While President Serzh Sargsyan’s administration touts Armenia’s pending accession to the Russia-led Customs Union as likely to usher in an era of prosperity for the South Caucasus country, rights activists assert that when it comes to democratization, Customs Union membership means Yerevan will take “one step forward, two steps back.”
As the Russia-Ukraine crisis unfolds, the Armenian government is casting its diplomatic lot with the Kremlin. Some in Yerevan worry the government is committing a geopolitical blunder by expressing a clear preference for Russia over the West.
As elsewhere in the South Caucasus, Armenian women can expect to receive an array of toasts, flowers and little gifts on March 8, International Women’s Day. But there is one thing Armenian women won’t enjoy, or get anytime soon – a law covering domestic violence.
The Armenian government wants to increase salaries of senior leaders and MPs by over 200-percent, while eliminating unemployment benefits. Officials contend that such measures are needed to combat corruption and improve the state’s financial picture.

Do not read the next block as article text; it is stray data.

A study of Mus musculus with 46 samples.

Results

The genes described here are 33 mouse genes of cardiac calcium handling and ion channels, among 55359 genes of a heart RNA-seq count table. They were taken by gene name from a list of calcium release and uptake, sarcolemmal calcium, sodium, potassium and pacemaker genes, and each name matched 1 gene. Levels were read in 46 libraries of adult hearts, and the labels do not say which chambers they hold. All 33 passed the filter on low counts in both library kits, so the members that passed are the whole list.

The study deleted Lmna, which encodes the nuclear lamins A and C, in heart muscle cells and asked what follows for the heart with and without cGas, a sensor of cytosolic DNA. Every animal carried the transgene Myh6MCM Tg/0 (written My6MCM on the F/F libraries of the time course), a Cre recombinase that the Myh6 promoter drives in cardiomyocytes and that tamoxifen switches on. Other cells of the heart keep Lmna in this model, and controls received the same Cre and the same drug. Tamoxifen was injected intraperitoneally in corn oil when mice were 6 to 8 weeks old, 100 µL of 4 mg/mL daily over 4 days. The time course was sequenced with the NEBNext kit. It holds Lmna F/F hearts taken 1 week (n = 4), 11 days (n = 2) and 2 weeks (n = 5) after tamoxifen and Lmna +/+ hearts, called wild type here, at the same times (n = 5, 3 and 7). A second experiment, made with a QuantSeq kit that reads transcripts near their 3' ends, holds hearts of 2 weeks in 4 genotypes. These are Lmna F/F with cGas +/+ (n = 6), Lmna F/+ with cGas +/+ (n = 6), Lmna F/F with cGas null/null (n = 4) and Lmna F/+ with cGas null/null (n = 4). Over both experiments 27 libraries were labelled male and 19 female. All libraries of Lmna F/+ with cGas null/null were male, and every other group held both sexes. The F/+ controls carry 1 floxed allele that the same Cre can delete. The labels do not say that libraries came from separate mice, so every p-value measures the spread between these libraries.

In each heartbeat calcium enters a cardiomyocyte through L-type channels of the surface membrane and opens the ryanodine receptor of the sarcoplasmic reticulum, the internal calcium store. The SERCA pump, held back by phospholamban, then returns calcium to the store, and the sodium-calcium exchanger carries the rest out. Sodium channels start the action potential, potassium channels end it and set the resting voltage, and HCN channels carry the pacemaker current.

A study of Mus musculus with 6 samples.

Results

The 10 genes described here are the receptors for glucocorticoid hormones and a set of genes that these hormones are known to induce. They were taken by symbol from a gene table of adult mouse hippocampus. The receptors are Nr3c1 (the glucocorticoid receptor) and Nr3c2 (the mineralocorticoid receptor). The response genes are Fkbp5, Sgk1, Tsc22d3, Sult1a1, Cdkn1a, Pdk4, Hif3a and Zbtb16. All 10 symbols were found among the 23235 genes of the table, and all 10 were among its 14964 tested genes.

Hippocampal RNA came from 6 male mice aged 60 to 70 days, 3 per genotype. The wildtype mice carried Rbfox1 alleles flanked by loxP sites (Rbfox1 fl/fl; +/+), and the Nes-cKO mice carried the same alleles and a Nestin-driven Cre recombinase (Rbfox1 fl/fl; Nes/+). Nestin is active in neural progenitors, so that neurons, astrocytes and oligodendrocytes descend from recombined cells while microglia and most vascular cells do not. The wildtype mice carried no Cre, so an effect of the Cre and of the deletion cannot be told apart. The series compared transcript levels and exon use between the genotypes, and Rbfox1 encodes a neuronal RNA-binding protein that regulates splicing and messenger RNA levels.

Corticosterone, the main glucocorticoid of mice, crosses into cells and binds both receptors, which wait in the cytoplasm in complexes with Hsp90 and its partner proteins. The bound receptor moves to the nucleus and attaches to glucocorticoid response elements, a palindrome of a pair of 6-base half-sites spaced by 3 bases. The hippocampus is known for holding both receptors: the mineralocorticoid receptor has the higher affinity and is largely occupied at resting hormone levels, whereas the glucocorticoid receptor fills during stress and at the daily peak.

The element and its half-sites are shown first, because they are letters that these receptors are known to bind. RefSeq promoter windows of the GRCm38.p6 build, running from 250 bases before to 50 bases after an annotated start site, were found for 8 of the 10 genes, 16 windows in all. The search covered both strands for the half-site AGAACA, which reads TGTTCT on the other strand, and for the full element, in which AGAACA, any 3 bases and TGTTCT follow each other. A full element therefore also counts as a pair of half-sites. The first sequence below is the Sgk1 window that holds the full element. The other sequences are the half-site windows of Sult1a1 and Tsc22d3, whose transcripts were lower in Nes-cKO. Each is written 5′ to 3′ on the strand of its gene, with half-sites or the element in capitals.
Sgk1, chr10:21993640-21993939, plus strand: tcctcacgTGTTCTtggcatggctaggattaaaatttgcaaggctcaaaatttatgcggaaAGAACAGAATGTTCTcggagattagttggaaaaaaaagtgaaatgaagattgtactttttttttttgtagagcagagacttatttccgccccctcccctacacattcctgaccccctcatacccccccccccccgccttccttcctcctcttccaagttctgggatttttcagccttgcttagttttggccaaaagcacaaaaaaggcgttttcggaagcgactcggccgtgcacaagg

When Mariam Avanesian and her family fled to Yerevan from Azerbaijan 25 years ago this month, they thought they were lucky; they had escaped physical danger, and left behind an apartment rather than “a grave” in the Azerbaijani capital, Baku. But moving to Armenia didn’t mean the end of uncertainty for Avanesian’s family members, and tens of thousands of others.
The Armenian government’s recent amnesty of several hundred prisoners has more to do with politics than a desire to reform the country’s justice system, human-rights activists contend. Authorities in Yerevan concede the existence of problems, but assert change is coming.